I mentioned in this article how I’ve been eating more meat substitutes, primarily since I moved to a new city. And so, I’ve been less conservative about eating processed foods, too. Last Friday, my brother picked up a box of red velvet cake mix because, when prepared with vegan eggs, there is no overt reason it shouldn’t be vegan. I made the cake with my sister-in-law and niece and took turns with my niece licking the batter spoon. It was a delightful time—but we soon realized something was off.
Red No. 40 is a known toxin
It is allergenic
Soon after eating our cake, my niece started complaining that her fingers and hands were burning. As we stared at the ingredient list on the box, we noted “red No. 40.” My sister immediately got my niece into a warm bath, while my brother and I took to the internet to learn more about this elusive food additive. Come to find out, there have been many reports of “red dye allergies,” including research carried out by the Center for Science in the Public Interest. The study claims red 40 can cause allergic reactions in some people, such as hives and facial swelling, as well as hyperactivity in children. Ultimately, the researchers recommend avoiding consumption of red No. 40 until further testing can confirm safety.
In Europe, artificial food colorings such as red dye No. 40, yellow No. 5, and yellow No. 6 can be added to food products, but a warning must be included on the label indicating that these dyes may negatively affect activity and attention in children. However, in the United States, there is no such requirement for warning labels. Many of us here in America know our food labeling is lax at best, but this is disconcerting. Not only for the safety of the youngsters in our lives, but because red No. 40 isn’t vegan by my (and many others’) standards.
It is carcinogenic
Red-40 is a petroleum by-product that has been shown to be carcinogenic in animals. Meaning yes, it is tested on animals. And red dye 40 is controversial for its potential health risks. Ruth Winter, a science writer, reveals in her book that the National Cancer Institute reported that the chemical p-credine, used in the preparation of Red No. 40, is carcinogenic in animals and causes adverse reproductive effects in rats at high doses. Although such high doses are not found in grocery store items, there is concern that even small amounts of red dye 40 could cause various side effects in humans.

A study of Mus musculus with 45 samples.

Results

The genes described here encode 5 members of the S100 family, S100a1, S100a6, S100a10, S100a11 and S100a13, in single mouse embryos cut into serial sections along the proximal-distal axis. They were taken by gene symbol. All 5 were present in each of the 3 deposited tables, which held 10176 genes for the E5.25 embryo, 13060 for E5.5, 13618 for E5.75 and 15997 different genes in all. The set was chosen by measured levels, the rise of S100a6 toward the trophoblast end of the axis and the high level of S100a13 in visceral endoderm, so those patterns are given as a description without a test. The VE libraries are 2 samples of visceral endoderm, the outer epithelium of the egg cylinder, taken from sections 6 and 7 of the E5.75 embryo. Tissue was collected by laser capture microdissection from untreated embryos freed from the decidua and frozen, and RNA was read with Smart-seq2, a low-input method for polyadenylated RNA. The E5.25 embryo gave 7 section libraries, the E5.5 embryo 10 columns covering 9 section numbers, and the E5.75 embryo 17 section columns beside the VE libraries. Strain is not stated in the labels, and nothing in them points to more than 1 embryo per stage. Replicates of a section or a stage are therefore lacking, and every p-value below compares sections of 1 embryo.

A note on animal testing
Personally, I perpetually struggle with my complicity in animal testing. But I’ve become less conservative in that sense, too. I used to only buy products from companies that do not test on animals and who are not owned by companies that test on animals. This requires a lot of time and energy, and as companies are always acquiring other companies, it requires on-going research.
Seventh Generation is a great example of this. Many assume they are an independent business, but Seventh Generation was acquired by Unilever in 2016. When I learned this, I tried to boycott Seventh Generation. But ultimately, I ended up spending more money trying out products that I didn’t like as much. Now, I am buying Seventh Generation again. Because I like to think that by doing so, I am signaling to Unilever that products like Seventh Generation should be the norm. But am I?
Am I complicit in animal testing by funneling money to Unilever? There is no way to know. As discussed here, spending too much time beating myself up for not being the “perfect vegan” can take a toll. So I try to be kind to myself, as we all should.
All that to say, though, red No. 40 should be avoided by vegans. It is tested on animals and hotly debated among food scientists and health professionals. In the U.K., food labels must contain warnings about the potential side effects, but we don’t have that in the States. So, check your ingredients, fellow dumplings. Avoiding carmine isn’t enough. Cereals, granola bars, candy, baked goods, jams and jellies are the most likely to contain red no. 40, but the risk doesn’t end there. It is up to us to ensure we are minimizing harm to the best of our ability.